Today I had a meeting with people who didn’t want to have a meeting. Not that exceptional, you say, since most people who go to meetings don’t want to be there. This was an exceptionally unappreciated meeting, however, as it was designed to restructure the way people work together.
Let’s think of a situation in which people are less inclined to want to change. Hmmm. How about I make suggestions regarding how you could be a better parent? Or perhaps how you could get in shape? Or maybe we could sit down and discuss your finances? Isn’t it funny how we are all self-employed in our minds. Autonomous. Islands.
I deal in helping teams. I love to talk about how much more efficient people are when they work together. I have a great article, From Wharton to War, written by a correspondent with Fortune and a businessman who also happens to be a Recon vet. Amphibious Reconnaissance — Marine Spec Ops. Really great article. The author is 5’7″ and had to learn to deal with the fact that he couldn’t load a fellow 230-lb Recon grunt on his pack and carry him. It deals with how to work as a team by first realizing that “I” ceases to exist and “we” takes preeminence. Having had to have a few of these lessons, I appreciate what distills in your soul when you come face to face with your limits as an individual and are forced to redefine yourself as part of a larger whole. It’s a good place to be but an excruciating leap to make.
So I go to these meetings in which everyone is internally crawling over the backs of their chairs and I work to instill a glimmer of hope in the possibility that working together might make their lives easier. Today was a good example of how it often goes. One member stood three times, walked around the conference table, blew out big gusts of air, and finally, after an hour of discussion on various topics (none of which could be maintained for too long as his eyes kept developing those circling bullseyes), in complete frustration finally said he had to leave. And he did. The two members who were left looked at each other nonplussed and one said to the other, “I didn’t kill him. I say this has been an unqualified success.”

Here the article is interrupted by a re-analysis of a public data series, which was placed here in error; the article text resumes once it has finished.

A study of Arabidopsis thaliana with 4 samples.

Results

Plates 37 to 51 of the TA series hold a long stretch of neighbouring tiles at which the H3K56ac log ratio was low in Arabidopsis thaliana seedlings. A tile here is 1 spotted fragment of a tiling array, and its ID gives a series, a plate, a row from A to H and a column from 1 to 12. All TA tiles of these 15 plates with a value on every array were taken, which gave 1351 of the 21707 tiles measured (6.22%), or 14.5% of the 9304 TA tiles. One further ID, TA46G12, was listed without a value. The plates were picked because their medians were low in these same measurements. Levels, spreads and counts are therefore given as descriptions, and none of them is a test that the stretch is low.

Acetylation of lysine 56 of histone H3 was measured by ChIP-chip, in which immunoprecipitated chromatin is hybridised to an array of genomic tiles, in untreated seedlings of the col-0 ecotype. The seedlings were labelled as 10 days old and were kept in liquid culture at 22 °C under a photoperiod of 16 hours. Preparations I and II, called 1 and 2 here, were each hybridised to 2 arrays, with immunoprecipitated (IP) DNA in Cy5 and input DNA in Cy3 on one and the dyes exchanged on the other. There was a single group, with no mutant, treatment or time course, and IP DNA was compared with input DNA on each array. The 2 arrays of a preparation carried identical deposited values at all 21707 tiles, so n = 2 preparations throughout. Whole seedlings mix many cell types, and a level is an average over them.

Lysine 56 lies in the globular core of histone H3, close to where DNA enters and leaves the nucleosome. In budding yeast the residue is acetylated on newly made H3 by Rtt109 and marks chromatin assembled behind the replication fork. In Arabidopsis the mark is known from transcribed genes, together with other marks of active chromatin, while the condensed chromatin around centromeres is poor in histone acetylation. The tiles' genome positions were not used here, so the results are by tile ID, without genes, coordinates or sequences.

I love my job.
I’m not sure if it’s human nature to be independent or a thing forced on us by a comfortable culture. I spent an hour with Alta today, discussing the book we are going to write together. She is very excited. She jumped right in and decided to tell me as fast as she could as many things as she could remember of her 90 plus years. I just hung on and listened as fast as I could, grinning the whole time. I feel it when she talks: the steadiness that comes from a life you absolutely cannot live alone, the work ethic that evolves from knowing that your work is not for you alone.
In my favorite movie, Under the Tuscan Sun, the author’s Italian neighbor tells her, when he invites her to dinner, “it’s unhealthy to eat alone.”
I believe. But how do you evangelize that kind of connection to other people? When I figure it out I’ll be sure to let you know.